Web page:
It is widely understood, somewhat vaguely, that the Communist Party runs China, but few have any real sense of what it means in practice. Here is one example.
Just imagine a single body in the US that oversaw the appointment of the entire US cabinet, state governors and their deputies, the mayors of major cities, the heads of all federal regulatory agencies and the justices on the Supreme Court.
In addition, the same body would also clear the appointments of the chief executives of GE, Wal-Mart, Exxon Mobil and about fifty of the remaining largest US companies; the editors of the New York Times, the Wall Street Journal, and the Washington Post; the bosses of the TV networks and cable stations; the presidents of Yale and Harvard and other big universities; and the heads of think-tanks like the Brookings Institution and the Heritage Foundation.
Not only that, the vetting process would take place behind closed doors, and the appointments announced without any accompanying explanation about the basis on which they were made.
This body goes by the rather spooky name of the Central Organisation Department. Its imposing headquarters in Beijing, a modern office block a short drive west from Tiananmen Square, has no sign outside indicating the building's occupants. And the department has no listed phone number allowing the public to call and talk to its officials.
The operations of the department are detailed in my new book, The Party: The Secret World of China's Communist Leaders. Like all institutions that underpin communist party rule in China, the Organisation Department is congenitally secretive. This would matter little, except that China is the world's rising superpower and the sole potential global rival to the US.
Much is made these days about asymmetric warfare, the kind of conflict that allows poorly-armed terrorists to humble a great military power like the US. In the case of the China, the problem is more one of asymmetric information.
For all its manifold flaws, the US governing system is remarkably open. In China, it is closed in ways that few understand, an imbalance my book seeks to correct. The Party's secrecy may rebound on China one day. But the moment, it hands Beijing a huge advantage in dealing with open, fractious democracies.
For all the glittering modernity of its coastal cities, the remarkable and largely overlooked truth about China is that it is still governed on Soviet hardware. Chinese citizens, particularly those who live in cities, have vastly more freedom than they did 30 years ago. They can their own homes, work where they want, marry their partner of choice and even get rich. The economy, at the same time, is open to the free market in a way that few thought would ever be sustainable in an authoritarian system.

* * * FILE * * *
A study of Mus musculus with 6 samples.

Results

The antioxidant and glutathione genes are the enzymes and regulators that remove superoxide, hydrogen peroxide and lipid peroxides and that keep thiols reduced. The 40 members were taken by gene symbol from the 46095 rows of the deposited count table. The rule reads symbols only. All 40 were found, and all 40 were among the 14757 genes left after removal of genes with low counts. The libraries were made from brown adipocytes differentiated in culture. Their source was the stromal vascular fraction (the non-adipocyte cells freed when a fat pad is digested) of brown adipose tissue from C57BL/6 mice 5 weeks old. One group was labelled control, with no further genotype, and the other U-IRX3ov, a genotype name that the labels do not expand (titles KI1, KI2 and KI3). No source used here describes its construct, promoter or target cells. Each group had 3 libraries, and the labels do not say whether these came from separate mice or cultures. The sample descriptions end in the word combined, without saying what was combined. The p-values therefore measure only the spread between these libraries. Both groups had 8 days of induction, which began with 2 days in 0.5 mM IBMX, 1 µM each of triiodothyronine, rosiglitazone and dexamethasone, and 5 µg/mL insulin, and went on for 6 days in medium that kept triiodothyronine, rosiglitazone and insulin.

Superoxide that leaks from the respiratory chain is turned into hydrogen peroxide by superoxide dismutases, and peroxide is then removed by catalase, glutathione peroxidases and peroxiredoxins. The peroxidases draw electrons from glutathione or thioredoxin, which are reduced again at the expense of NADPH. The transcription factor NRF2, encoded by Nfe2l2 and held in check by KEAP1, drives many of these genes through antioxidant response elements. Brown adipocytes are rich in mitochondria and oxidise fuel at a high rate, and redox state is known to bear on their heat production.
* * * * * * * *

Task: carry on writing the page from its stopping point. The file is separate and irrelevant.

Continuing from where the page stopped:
The Party's genius has been its ability to maintain the authoritarian powers of old-style communism, while dumping the ideological strait jacket that originally inspired them. At the same time, they have somehow managed to hitch the power and legitimacy of a communist state to the drive and productivity of an increasingly entrepreneurial economy.
The Party has let go of a lot of what it once controlled. But it has stayed in power by keeping a vice-like grip on three areas, on all senior appointments, through the Organization Department; the media, through the Propaganda Department; and the military. The People's Liberation Army is the Party's army, not the country's.
Like communist parties throughout history, the Party in China lashes out at anyone who attempts to tries to organize a rival political force. Deeply paternalistic, it is also largely incapable of understanding what it looks like from the outside.
I spent many, fruitless years trying to talk to someone from the Organization Department, until I stumbled across an official who worked for the body in Hunan province. After an hour or so of pleasant discussion, I asked him why his department was so secretive.
The official seemed nonplussed by the question, as though the issue of secrecy had never occurred to him. "Government departments hang their plaque outside their buildings because they face the public," he told me. "The cadres all know where we are. It's a bit like knowing where your parents live."
Those who have predicted the collapse of the Party have so far been proved wrong. The Party has outlasted, outperformed, outsmarted or simply outlawed its critics. The end of history? It never finished in China.
Speculation about the Party losing power is wide of the mark for another reason. Party members are the only officials with the skills, know-how and networks to run the country.
Much like the Iraqi army after the second gulf war, if you disbanded the Party, you would eventually have to put them back together. Through the jealous guarding of their monopoly on power, its leaders have ensured that no one else is equipped to do the job.